The Stafford in South Australia
written by Mr. Ted Kirk
first Published in 1985
In a little over a decade in south Australia there has been a gradual rise in the number of Staffords being bred and shown. From a small start, when there were times when only one Stafford would be entered in a show the number of enthusiasts has grown to such an extend that numerically the Staffordshire Bull Terrier tops the Terrier Group entries on many occasions. In the winning list the Staffords figure more prominently than any other Terrier.
A major break through for the breed happened in 1975 when Ch. Crossguns Oliver did what was thought to be the impossible and he won Best Terrier Exhibit at a Championship Show. The outstanding quality, soundness and incredible personality for this dog fired the imagination of the judges and the viewing public alike. Because of him, Staffords began to gain the recognition they so richly deserved. Ch. Crossguns Oliver went on winning at Group and in-show level until his retirement in 1978. Today it is a regular occurrence for Staffords to win top awards, shared by many dogs and bitches in this State. Over the years with the gradual rise in popularity of the breed the idea of forming a breed club was discussed many times. It was not until 1982 that a positive move was made by Mrs. Lyn McKittrick and Mrs. Vicky Menzies when a meeting was held at Lyn's home and on that night the nucleous was formed for the present club.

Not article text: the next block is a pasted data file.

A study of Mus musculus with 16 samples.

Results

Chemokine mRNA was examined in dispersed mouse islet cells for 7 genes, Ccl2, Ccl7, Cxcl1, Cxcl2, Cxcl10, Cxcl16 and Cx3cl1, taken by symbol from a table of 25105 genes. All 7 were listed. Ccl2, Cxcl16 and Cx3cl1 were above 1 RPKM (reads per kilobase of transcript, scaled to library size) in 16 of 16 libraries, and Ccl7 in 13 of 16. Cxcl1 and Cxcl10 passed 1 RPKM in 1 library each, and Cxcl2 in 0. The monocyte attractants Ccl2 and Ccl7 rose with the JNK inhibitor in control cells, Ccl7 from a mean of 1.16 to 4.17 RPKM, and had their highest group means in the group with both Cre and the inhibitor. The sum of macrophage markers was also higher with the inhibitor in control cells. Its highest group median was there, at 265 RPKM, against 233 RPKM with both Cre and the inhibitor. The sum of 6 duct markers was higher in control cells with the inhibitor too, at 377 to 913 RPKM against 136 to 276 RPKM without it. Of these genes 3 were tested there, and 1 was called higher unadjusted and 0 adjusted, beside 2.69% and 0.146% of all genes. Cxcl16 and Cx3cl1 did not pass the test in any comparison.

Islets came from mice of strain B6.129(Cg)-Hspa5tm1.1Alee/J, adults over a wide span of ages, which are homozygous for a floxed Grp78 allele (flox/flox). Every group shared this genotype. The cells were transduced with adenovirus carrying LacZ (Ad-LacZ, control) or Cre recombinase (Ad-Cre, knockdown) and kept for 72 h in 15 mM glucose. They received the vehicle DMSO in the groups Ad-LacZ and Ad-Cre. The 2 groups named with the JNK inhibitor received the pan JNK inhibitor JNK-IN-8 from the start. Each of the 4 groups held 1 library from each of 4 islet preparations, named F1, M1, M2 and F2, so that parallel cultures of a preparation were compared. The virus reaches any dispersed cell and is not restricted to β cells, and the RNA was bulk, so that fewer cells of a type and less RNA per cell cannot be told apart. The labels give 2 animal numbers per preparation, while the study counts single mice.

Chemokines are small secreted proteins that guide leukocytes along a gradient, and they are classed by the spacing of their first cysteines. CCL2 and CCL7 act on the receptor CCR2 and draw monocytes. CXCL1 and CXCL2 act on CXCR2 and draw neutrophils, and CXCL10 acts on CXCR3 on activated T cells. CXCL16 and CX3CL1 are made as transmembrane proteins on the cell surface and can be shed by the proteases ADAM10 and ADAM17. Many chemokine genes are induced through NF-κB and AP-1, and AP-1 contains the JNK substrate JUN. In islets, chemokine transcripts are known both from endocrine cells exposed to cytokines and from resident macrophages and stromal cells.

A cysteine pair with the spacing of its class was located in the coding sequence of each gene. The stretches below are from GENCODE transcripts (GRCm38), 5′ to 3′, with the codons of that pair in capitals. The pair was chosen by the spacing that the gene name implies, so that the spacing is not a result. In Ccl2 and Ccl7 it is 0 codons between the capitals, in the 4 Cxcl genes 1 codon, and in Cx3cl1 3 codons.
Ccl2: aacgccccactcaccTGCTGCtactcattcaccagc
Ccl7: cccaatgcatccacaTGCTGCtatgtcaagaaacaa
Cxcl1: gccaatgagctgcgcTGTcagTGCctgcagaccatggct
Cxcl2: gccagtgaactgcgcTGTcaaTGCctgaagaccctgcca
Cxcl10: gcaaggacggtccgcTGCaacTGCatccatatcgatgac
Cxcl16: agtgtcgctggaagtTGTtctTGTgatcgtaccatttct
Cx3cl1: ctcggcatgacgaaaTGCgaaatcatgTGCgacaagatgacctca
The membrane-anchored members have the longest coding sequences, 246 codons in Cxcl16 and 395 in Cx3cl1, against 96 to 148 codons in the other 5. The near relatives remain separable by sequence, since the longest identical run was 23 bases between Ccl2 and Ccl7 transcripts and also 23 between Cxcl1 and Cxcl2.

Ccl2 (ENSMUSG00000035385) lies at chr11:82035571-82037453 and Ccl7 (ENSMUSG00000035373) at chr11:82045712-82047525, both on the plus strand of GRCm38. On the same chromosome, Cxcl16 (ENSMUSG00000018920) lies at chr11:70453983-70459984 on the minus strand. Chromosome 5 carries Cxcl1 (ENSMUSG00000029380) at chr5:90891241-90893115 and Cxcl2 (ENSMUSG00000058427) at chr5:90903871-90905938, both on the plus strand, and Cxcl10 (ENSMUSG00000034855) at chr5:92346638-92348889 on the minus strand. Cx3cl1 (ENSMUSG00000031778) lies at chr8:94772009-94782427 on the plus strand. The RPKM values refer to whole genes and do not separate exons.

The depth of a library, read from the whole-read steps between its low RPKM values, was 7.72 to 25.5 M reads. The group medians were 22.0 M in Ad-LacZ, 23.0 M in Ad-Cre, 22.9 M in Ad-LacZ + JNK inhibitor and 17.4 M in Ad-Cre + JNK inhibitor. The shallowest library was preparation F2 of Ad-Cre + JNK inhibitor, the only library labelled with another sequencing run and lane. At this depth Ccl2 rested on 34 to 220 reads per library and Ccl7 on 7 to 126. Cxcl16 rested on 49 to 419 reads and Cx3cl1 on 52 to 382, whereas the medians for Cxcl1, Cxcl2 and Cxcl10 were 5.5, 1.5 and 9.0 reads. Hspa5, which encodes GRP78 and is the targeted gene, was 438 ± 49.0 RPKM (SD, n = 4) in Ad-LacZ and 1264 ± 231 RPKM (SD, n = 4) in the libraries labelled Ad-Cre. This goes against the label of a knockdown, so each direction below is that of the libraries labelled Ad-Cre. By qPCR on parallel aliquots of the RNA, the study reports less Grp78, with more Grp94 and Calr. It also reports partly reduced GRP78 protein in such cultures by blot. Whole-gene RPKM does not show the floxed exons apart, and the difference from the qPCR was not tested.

Later a more formal meeting was held and this was attended by most enthusiasts and a committee was elected. This was in September 1982 during the Adelaide Royal and it was fortunate that Mrs. Linda Szirer, secretary of the Victoria Stafford Club was in Adelaide and was able to contribute much valuable information on the workings of a breed club. It was with complete approval of the gathering that Mrs. Linda Szirer and Mrs. Marion Forester were made the clubs Patrons.
Today (1985) the breed is alive and well, whilst breeding stays along the lines of correct balance between bull and terrier, the correct type will be maintained. Breeders can make or break a breed and whilst people bear in mind a sound, balanced bold dog, the Stafford will always have admirers.